This year's list of Rhodes Scholars is remarkable for many reasons. Almost two-thirds of the recipients are women and nearly half are first-generation Americans or immigrants. But one scholarship winner in particular made history this year. Harvard University student Jin Park has become the first recipient of Deferred Action for Childhood Arrivals — DACA — to earn a prestigious Rhodes Scholarship.
Park, 22, arrived in New York City with his parents from South Korea when he was 7 years old and grew up in Queens, N.Y. Park is currently a senior at Harvard working toward a degree in molecular and cellular biology with a minor in ethnicity, migration and rights. Thanks to the Rhodes Scholarship, Park will continue his studies at the University of Oxford in Oxford, England next year.
"I've proposed two master's degrees for my studies at Oxford: one in migration studies, the other in global health science and epidemiology," Park says. "I want to do those two degrees and come back and hopefully work in the context of public health department ... [to] implement evidence-based policies to improve and work on immigrant health."
NPR's Scott Simon spoke with Park about what the scholarship means to him and to other DACA recipients.
Scott Simon: What does this scholarship mean to you?
Jin Park: It means to me personally a lot because growing up as an undocumented person in New York City, I've had a lot of formative experiences around particularly how my parents were treated at the face of the law and how I personally experienced some of these social institutions. And so, these experiences as a childhood informed a lot of the ways that I wanted to use my talents for the world. And so having this opportunity for me is really meaningful.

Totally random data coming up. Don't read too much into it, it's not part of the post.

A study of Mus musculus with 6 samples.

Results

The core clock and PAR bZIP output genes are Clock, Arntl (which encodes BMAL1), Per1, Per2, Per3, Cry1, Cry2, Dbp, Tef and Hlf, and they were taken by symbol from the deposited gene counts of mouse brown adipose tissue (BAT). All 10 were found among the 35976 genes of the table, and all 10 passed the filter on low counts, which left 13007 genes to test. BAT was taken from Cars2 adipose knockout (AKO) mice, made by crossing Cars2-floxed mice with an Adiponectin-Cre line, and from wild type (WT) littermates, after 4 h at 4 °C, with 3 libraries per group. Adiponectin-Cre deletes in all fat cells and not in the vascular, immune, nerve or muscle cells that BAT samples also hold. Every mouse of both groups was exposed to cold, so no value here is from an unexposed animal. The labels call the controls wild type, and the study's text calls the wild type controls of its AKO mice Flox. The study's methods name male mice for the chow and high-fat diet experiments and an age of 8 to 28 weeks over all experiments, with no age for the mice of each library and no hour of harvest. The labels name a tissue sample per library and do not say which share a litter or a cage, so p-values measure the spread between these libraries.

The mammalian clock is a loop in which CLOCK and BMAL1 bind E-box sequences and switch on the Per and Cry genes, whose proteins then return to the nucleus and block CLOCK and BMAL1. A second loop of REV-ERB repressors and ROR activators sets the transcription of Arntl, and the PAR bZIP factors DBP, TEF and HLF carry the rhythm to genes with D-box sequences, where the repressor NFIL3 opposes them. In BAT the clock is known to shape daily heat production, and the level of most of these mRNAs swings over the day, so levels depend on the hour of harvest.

You were a speaker at the 2018 Harvard Class Day. I want to read you your words as I read them: "If you've ever eaten at a Korean Restaurant or received a mani-pedi in New York City, congratulations. Like it or not, you may have partially subsidized the education of what Fox News would call an illegal alien."
So, my dad works as a line cook and restaurant and my mom worked in beauty salons her entire life. So, kind of watching my parents do that combined with also seeing my parents get denied health care, access to health care, health insurance, those experiences have informed the fact that if you're an undocumented person in America, you don't really have a full shot at full opportunity. So that's kind of what I wanted to impart to my classmates.
How do you feel about this country?
Strangely, I feel really optimistic. I think regardless of the occupant of the White House, it's important to keep the focus on some of these bigger questions — who belongs in America? Who is American? And who are we going to provide the full benefits of membership in America?
These are really big, almost theoretical questions that are going to remain. The answers are going to be necessary even after the current occupant leaves the White House. So, I think the real implications of the answers to these questions are important. They have genuine real consequences for immigrants. So, I think that's where we really have to to keep the focus.
You have words for other DACA recipients who might be anxious about what's going on in this country now?
The biggest thing that I'd say is understand your roots, stay true to your roots. I think it's real important to really understand where you're coming from, understand who your peers are, who your community is, who you want to serve, because going forward I think that's where you draw your strength.
I draw my strength, personally, from visiting my dad in the restaurant and kind of touching his hand and feeling the blisters and the roughness of his hands and that always reminds me that I have to keep the focus on our community. That's where I have to always come back. So that's the kind of advice that I'd give: Stay true to your roots.